The Water Pollution Control Authority outlined initial steps for providing sewers through a centralized, town-managed pump station that would help transport wastewater to a New London treatment plant.
The town will meet with Department of Energy and Environmental Protection officials and the WPCAs from town beach associations by the end of the month to discuss the idea.
DEEP had ordered two beach associations along the town's densely packed shoreline - Old Colony Beach Associaion and Old Lyme Shores Beach Association - to connect to sewers by June 2016. Miami Beach is also studying connecting to sewer systems.
The decision to take a townwide approach came after a vote at last month's WPCA meeting. The town had undertaken an engineering study that weighed local and regional alternatives for treating wastewater. While the study found it feasible to treat wastewater in town, the DEEP said in its review of the study that testing done on a potential site was "inconclusive" and too close to wells. After weighing options, officials decided last month that pursuing a centralized pump station was the best course of action.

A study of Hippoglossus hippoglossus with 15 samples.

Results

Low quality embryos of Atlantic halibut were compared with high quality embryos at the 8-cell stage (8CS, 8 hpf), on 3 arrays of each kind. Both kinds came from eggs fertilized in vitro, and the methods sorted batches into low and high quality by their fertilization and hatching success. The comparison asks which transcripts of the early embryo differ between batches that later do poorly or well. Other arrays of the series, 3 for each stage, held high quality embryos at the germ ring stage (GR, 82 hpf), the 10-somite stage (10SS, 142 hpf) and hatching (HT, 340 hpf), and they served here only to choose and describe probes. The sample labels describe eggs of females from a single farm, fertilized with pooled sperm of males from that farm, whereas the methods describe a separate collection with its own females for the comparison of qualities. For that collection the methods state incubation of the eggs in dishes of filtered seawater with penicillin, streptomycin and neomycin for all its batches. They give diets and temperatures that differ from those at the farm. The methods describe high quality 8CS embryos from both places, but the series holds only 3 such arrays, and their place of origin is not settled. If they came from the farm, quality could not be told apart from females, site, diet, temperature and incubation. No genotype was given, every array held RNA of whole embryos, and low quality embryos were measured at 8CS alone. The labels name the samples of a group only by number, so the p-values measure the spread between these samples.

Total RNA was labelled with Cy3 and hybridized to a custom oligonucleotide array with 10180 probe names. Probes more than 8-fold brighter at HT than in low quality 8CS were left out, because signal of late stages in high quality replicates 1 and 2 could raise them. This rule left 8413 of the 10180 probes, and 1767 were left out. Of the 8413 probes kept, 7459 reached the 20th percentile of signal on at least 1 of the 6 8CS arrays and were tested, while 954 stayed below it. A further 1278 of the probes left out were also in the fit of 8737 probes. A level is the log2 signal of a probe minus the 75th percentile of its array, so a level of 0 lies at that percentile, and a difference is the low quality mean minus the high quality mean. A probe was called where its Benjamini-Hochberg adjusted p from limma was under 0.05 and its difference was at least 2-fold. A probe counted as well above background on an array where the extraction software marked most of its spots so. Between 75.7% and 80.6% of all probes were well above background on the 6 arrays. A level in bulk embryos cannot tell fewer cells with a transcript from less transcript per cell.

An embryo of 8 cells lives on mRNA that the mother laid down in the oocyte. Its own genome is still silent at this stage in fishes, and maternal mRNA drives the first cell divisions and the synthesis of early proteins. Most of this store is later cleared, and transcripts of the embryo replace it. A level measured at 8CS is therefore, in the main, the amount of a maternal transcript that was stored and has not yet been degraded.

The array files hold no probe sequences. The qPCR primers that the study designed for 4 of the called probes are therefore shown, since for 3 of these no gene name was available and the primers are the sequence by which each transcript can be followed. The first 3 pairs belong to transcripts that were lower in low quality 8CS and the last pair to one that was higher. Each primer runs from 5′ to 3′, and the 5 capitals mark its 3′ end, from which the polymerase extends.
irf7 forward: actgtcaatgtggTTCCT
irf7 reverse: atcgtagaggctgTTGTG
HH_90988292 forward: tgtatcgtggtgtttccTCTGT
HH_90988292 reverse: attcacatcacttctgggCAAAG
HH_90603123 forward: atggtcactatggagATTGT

WPCA Chairman Kurt Zemba said Tuesday that DEEP representatives indicated that they could require the entire shoreline to connect to sewers. If other shoreline areas are added, the town likely would approach the DEEP to ask for a deadline extension, so the town could move forward in unison and in a more cost-effective manner.
He said extending sewers to Sound View would be a priority, given the town's renovation project there.
Next steps include confirming funding with the DEEP, meeting with East Lyme, Waterford and New London, and discussing cost sharing among the beach communities, Woodard & Curran engineer Dave Prickett said.
The town would need to fund the initial steps, but ultimately only shoreline users would foot the bill, according to Zemba, through user fees and assessments.
Douglas Whalen, chairman of Old Colony Beach Association thanked the WPCA and First Selectwoman Bonnie Reemsnyder and called the steps "a long time coming."
He said some previous officials had ignored the beaches, so they had to form their own WPCAs and commission their own studies. He said there was pollution at the beach that closed the water for swimming for several days last summer.
"We're happy to see the town of Old Lyme is coming together for the beach, but please, we don't want the hammer, we want the olive branch," he said.
Reemsnyder said she always has extended an olive branch, and she defended the previous officials who, she said, were doing their best to follow the town's sewer avoidance ordinance and to try to protect the environment.
She agreed that the message did not always come out the way it should have, but she stressed moving forward as partners.
"We have to work together to make this work," she said.